There are, roughly speaking, three ways to develop large user-facing programs, which we will refer to here as 0) the Unix way, 1) the Emacs way, and 2) the wrong way.
The Unix way has been expounded upon at length many times. It consists of many small programs which communicate by sending text over pipes or using the occasional signal. If you can get away with using this model, the simplicity and universality it offers is very compelling. You hook into a rich ecosystem of text-based processes with a long history of well-understood conventions. Anyone can tie into it with programs written in any language. But it's not well-suited for everything: sometimes the requirement of keeping each part of the system in its own process is too high a price to pay, and sometimes circumstances require a richer communication channel than just a stream of text.
This is where the Emacs way shines. A small core written in a low-level language implements a higher-level language in which most of the rest of the program is implemented. Not only does the higher-level language ease the development of the trickier parts of the program, but it also makes it much easier to implement a good extension system since extensions are placed on even ground with the original program itself. I wrote about this in an earlier post on the live-development model Emacs offers:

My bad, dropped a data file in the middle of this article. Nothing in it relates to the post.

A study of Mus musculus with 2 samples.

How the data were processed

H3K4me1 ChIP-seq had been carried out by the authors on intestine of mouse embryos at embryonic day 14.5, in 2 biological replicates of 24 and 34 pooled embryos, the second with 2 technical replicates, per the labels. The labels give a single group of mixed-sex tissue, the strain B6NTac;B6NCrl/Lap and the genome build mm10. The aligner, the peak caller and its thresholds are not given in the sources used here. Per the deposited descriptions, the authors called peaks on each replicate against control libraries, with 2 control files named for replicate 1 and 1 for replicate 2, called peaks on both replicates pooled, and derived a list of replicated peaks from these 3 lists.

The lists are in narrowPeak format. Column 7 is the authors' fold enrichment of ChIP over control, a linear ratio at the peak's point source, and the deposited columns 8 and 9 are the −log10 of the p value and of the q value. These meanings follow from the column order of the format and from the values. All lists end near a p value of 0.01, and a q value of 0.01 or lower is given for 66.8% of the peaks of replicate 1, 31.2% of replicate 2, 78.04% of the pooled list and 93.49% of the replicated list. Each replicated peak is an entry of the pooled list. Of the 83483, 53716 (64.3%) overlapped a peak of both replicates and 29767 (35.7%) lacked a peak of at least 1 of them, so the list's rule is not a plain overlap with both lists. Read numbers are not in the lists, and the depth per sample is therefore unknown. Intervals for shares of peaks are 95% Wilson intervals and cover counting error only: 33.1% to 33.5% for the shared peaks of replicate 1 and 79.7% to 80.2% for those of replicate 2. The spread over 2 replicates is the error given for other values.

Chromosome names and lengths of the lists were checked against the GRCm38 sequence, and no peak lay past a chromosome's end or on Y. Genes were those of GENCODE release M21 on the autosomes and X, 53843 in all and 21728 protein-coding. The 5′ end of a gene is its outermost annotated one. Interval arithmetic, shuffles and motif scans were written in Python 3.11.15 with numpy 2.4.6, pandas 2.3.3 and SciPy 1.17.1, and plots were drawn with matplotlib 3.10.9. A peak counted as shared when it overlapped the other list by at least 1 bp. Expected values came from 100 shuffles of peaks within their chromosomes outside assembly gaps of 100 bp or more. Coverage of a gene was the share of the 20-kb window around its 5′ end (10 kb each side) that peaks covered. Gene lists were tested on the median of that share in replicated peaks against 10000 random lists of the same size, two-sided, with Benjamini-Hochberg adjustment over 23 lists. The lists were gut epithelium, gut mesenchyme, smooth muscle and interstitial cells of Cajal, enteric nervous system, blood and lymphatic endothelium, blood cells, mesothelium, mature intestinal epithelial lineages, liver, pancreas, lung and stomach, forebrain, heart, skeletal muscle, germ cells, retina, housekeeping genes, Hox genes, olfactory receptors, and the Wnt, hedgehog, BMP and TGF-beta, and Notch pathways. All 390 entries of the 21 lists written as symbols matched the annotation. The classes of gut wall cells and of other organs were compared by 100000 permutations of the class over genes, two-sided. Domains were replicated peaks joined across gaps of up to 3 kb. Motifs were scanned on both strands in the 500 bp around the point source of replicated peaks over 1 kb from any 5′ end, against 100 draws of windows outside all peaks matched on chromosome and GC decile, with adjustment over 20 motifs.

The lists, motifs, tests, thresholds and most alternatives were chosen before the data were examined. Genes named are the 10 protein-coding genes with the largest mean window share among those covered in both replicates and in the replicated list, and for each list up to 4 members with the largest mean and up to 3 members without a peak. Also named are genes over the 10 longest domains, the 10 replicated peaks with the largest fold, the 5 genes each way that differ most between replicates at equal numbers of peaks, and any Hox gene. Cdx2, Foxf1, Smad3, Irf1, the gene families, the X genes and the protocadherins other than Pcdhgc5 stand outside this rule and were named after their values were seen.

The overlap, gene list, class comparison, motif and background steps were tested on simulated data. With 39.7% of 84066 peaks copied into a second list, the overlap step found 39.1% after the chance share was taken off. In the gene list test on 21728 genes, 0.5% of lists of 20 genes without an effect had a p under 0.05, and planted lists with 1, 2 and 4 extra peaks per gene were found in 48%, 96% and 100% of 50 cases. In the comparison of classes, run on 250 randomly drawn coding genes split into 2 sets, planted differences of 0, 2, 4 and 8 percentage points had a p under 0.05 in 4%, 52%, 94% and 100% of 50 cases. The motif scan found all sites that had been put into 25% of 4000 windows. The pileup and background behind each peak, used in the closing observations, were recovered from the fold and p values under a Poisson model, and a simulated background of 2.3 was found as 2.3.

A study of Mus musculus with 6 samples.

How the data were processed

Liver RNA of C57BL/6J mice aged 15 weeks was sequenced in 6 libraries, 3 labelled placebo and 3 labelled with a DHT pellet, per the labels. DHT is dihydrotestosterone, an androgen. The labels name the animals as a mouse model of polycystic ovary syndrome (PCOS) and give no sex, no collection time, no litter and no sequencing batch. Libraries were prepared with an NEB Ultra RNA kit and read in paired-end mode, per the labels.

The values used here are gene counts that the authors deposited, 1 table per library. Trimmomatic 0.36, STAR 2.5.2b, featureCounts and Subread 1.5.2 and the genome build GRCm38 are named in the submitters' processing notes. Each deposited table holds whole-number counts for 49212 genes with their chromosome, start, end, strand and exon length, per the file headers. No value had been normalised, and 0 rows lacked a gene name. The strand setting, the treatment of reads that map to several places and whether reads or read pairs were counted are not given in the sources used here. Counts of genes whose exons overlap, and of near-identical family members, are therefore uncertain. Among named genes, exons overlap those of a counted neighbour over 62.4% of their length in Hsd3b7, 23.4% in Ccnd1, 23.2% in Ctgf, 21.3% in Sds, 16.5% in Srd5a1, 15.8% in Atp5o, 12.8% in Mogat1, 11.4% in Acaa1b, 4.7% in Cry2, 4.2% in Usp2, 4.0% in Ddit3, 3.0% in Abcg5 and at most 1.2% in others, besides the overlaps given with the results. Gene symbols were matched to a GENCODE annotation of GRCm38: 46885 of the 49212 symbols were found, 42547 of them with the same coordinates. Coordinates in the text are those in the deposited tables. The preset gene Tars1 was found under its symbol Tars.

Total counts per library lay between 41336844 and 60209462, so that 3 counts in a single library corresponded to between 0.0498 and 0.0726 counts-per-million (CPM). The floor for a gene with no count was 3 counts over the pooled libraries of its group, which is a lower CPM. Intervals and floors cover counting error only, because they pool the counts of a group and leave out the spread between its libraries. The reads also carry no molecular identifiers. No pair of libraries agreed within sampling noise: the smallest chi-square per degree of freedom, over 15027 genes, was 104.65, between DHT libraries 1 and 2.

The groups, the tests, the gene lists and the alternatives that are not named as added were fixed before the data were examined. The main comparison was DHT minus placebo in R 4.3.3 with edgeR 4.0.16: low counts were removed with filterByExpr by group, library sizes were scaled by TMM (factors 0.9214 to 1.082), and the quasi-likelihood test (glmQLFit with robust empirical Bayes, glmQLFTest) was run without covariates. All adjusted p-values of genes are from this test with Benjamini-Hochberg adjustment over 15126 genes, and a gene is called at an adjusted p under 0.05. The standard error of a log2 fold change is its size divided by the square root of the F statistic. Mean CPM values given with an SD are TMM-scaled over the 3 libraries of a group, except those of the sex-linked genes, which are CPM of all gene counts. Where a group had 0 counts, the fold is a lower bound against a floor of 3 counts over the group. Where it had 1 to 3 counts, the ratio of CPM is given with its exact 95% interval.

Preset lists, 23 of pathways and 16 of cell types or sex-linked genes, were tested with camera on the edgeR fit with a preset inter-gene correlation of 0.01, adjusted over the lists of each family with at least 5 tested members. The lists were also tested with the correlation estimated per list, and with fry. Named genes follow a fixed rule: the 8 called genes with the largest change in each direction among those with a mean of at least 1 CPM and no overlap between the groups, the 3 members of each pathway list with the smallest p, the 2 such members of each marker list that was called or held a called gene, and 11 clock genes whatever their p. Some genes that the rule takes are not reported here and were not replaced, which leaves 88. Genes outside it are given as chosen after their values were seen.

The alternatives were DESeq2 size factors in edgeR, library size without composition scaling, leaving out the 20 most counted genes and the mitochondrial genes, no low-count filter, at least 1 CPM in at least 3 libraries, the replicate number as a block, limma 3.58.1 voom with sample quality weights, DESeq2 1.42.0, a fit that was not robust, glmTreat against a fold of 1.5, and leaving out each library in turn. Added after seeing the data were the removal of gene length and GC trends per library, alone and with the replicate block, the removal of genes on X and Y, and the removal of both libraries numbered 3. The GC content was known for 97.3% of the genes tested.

If you have to use some tacked-on "plugin mechanism" to customize it, then you’re going to be limited at the very least by the imagination of the author of the plugin mechanism; only the things he thought you would want to do with it are doable. But if you’re using the exact same tools as the original authors were using to write the program in the first place, you can bet they put all their effort into making that a seamless, powerful experience, and you'll be able to access things on an entirely new level.
Finally for completeness sake, the wrong way is simply to write a large monolithic application in a low-level language, usually C++. Often half-hearted attempts at extension mechanisms are bolted on to programs developed this way, (usually in order to check off another box on a features list) but they are invariably frustrating and primitive and don't end up offering extension developers the same access to program internals that the developers of the original program itself have.
The Unix way makes particularly explicit the notion of composing small programs, but the Emacs way shines when a single runtime process plays host to a number of independent programs that can interact with each other gracefully. For instance, the Magit version control interface can run in the same Emacs instance as a SLIME session controlling a lisp project. They coexist in a complimentary way and compose together without interference. So rather than saying there are three ways to write large user-facing programs, it might be more accurate to say that there are zero good ways to write large user-facing programs and two ways to compose a number of small programs into a coherent system.